The Italian Girl in Algiers
Everyone understands the appeal of pirates — sexy, naughty, dangerous. But what's the appeal of shipwreck?
If you ask The Italian Girl in Algiers, she might say, "Transformation."
Houston Grand Opera transforms tragedy into comedy in its second offering of the season which opens Friday night. The Italian Girl in Algiers is the third in a trio of Gioachino Rossini bel canto operas produced by Els Comediants, the sly surrealists behind HGO's 2007 Cenerentola and last season's Barber of Seville comprised of director Joan Font, set and costume designer Joan Guillén, and lighting designer Albert Faura.
And after a lackluster La bohème, Houston opera lovers could use some levity.
So why turn to shipwreck? Certainly there's plenty of it stored in cultural memory, from the Odyssey to The Tempest to Robinson Crusoe to Cast Away. What could be more dramatic than the terror of feeling everything solid beneath your feet disappearing into endless ocean?
Shakespeare expertly wrecked ships and lives, sundering lovers and families only to redeem and reunite later on. Here's how Trevor Nunn imagined the wreck that sets Twelfth Night in motion:
So how else might one find comedy in crashing waves?
If you ask Rossini, he might say, "delay and disaster make love sweeter." The pleasure and danger we associate with pirates and shipwrecks fuels the erotic complications of the plot, resulting in irresistible absurdity.
The Italian Girl in Algiers is a study in improbability. What opera isn't, you might ask.
Try this on for size. Mustafà, the Bey, or ruler, of Algiers grows tired of his wife Elvira. As he plots to with Haly, the captain of his guard, to marry Elvira to his Italian slave Lindoro, Lindoro's beloved Isabella is conveniently shipwrecked right where Haly can capture her. The timing is perfect. Mustafà has been looking to liven up his sex life.
It seems Italian girls are the Viagra of Algiers as far as Rossini is concerned.
Complications multiply to the point of confusion. But confusion can be charming as in the virtuosic ending of the first act, as the plot conflicts literally ring in the singers heads. Here's a taste of bel canto at its best: dexterous, effervescent, dizzyingly precise. How to resist these lyrics:
In my head I have a bell, loudly ringing ding, ding, ding!
My head's a sounding bell, loudly ringing ding, ding, ding!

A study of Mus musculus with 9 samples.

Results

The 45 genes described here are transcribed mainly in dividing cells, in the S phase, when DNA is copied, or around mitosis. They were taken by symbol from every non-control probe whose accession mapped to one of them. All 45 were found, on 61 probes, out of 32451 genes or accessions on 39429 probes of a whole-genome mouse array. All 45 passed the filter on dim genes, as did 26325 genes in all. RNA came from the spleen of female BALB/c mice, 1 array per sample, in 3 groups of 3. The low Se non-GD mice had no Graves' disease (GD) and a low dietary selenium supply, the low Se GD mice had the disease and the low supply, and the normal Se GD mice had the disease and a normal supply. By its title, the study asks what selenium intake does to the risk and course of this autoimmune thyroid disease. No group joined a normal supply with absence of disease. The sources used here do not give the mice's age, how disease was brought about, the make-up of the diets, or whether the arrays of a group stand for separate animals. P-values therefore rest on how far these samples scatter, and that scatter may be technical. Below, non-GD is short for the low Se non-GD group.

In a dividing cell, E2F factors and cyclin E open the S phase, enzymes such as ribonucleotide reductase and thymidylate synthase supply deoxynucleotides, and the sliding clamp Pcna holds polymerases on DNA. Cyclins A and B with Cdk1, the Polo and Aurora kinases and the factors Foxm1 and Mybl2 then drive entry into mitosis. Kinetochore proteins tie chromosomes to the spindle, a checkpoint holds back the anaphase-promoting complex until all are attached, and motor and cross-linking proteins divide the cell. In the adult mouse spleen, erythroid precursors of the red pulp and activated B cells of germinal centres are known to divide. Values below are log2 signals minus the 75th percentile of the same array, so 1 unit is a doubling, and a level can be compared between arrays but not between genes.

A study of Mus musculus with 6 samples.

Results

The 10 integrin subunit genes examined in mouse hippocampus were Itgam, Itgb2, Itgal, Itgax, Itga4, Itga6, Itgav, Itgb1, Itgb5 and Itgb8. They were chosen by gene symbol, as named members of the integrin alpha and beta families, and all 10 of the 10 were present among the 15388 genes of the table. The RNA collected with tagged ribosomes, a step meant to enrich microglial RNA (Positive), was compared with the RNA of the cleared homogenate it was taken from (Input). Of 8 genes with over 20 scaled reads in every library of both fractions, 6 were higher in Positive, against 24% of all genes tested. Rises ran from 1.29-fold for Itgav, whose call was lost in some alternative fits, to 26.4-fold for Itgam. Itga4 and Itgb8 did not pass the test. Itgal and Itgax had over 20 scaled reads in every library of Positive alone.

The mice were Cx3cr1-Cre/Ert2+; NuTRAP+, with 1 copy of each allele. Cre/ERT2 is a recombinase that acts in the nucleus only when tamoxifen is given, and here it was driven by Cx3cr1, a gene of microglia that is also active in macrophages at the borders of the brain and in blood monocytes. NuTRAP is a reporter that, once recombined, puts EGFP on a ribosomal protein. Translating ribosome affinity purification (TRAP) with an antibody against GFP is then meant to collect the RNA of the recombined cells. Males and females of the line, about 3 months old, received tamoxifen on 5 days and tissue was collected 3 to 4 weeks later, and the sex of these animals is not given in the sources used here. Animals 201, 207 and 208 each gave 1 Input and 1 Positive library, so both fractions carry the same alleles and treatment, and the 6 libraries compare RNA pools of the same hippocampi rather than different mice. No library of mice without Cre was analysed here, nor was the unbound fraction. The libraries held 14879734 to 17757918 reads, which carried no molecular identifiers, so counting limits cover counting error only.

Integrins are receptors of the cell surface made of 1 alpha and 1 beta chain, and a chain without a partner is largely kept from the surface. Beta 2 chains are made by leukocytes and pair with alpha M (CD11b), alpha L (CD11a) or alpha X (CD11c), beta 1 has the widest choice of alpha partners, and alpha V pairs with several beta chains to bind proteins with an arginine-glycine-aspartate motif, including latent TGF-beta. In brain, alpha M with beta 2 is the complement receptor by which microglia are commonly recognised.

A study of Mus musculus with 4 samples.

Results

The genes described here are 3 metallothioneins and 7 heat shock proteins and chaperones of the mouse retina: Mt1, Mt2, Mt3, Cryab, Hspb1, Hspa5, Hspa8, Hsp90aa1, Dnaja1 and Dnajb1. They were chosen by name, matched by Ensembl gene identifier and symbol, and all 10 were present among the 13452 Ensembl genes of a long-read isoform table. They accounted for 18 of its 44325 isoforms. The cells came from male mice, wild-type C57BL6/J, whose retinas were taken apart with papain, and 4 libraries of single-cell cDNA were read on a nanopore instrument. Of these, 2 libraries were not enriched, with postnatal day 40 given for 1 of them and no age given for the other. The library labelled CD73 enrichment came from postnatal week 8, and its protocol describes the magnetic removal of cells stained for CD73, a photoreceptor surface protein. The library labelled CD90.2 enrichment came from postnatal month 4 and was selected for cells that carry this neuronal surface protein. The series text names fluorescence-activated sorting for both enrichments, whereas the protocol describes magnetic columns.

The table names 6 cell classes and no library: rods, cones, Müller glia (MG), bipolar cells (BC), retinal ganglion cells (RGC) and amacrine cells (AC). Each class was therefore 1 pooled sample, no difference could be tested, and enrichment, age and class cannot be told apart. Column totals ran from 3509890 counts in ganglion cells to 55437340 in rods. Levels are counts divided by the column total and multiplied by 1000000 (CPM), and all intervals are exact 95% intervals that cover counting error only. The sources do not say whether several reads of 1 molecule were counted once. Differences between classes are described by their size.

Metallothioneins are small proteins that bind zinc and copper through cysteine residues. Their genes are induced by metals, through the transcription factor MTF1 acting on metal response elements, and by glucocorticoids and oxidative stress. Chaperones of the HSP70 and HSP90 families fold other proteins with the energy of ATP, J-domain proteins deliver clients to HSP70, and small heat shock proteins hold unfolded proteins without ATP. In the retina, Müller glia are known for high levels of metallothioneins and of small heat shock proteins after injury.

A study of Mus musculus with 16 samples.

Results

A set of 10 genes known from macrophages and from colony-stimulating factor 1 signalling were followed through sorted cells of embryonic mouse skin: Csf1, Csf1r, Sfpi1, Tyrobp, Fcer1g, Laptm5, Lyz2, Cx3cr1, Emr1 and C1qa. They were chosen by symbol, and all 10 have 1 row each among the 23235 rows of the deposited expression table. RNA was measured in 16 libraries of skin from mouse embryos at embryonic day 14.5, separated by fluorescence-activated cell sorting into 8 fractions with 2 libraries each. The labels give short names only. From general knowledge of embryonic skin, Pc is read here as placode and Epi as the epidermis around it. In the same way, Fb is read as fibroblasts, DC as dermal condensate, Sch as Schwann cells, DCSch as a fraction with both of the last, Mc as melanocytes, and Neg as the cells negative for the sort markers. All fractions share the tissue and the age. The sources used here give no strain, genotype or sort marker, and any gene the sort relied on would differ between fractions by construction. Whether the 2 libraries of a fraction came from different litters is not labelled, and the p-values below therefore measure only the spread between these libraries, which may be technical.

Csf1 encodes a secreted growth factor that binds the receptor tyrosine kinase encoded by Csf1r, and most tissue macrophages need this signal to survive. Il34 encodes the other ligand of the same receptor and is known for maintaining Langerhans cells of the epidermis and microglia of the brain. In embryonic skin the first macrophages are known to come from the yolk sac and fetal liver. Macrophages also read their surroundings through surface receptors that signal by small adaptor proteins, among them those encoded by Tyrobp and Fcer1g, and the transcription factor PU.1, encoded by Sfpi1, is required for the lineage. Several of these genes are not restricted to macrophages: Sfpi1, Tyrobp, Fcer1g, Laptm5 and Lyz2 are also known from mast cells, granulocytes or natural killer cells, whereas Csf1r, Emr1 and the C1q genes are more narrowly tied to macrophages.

or this delivery:
In the second act, the orientalist extravaganza begins in earnest, with Isabella in Turkish drag quaffing coffee with Mustafà while trying to plot her way back to Italy with her beau in tow. This is part of the fantasy of transformation in The Italian Girl in Algiers as Isabella tries on another identity. No matter how much you want to get back to Italy, a little cultural tourism helps pass the time.
By Rossini's day, it seems, the terror evoked by Turks and Saracens on the stages of European drama gave way to the allure of the harem. Rossini visited this territory in reverse in Il Turco in Italia, in which a Turkish Prince Selim lands in Italy to find a wife and ends up marrying his beloved Zaida, who fled for her life from his harem after rivals accused her of infidelity.
But what is it precisely that Italian girls have over all others? Ask Sam Ramey, who stunned Houstonians as the Grand Inquisitor last season in Don Carlos and who here sings the famous "Le Femmine D'Italia":
Ramey won’t return for this season's The Italian Girl in Algiers, but audiences might recognize respected bel canto tenor Lawrence Brownlee as Count Almaviva in The Barber of Seville or Don Ramiro in Cinderella. Brownlee isn't the only familiar face. Patrick Carfizzi will play the demanding bass bey Mustafà and is well known to the HGO and totally stole the show as Dr. Bartolo in The Barber of Seville. Daniela Barcelona makes her HGO debut as Isabella while Lauren Snouffer plays Elvira to Carfizzi's Mustafà.
Transformation is the key to shipwreck: What shatters can also reshape. But the power of shipwreck is also to take us beyond ourselves. The HGO's startling 2010 Peter Grimes witnessed the sea in all its brutality.
In Rossini's The Italian Girl in Algiers, the sea transports and cascades in coloratura passages, offering pleasure without danger.
In other words, pirates without knives.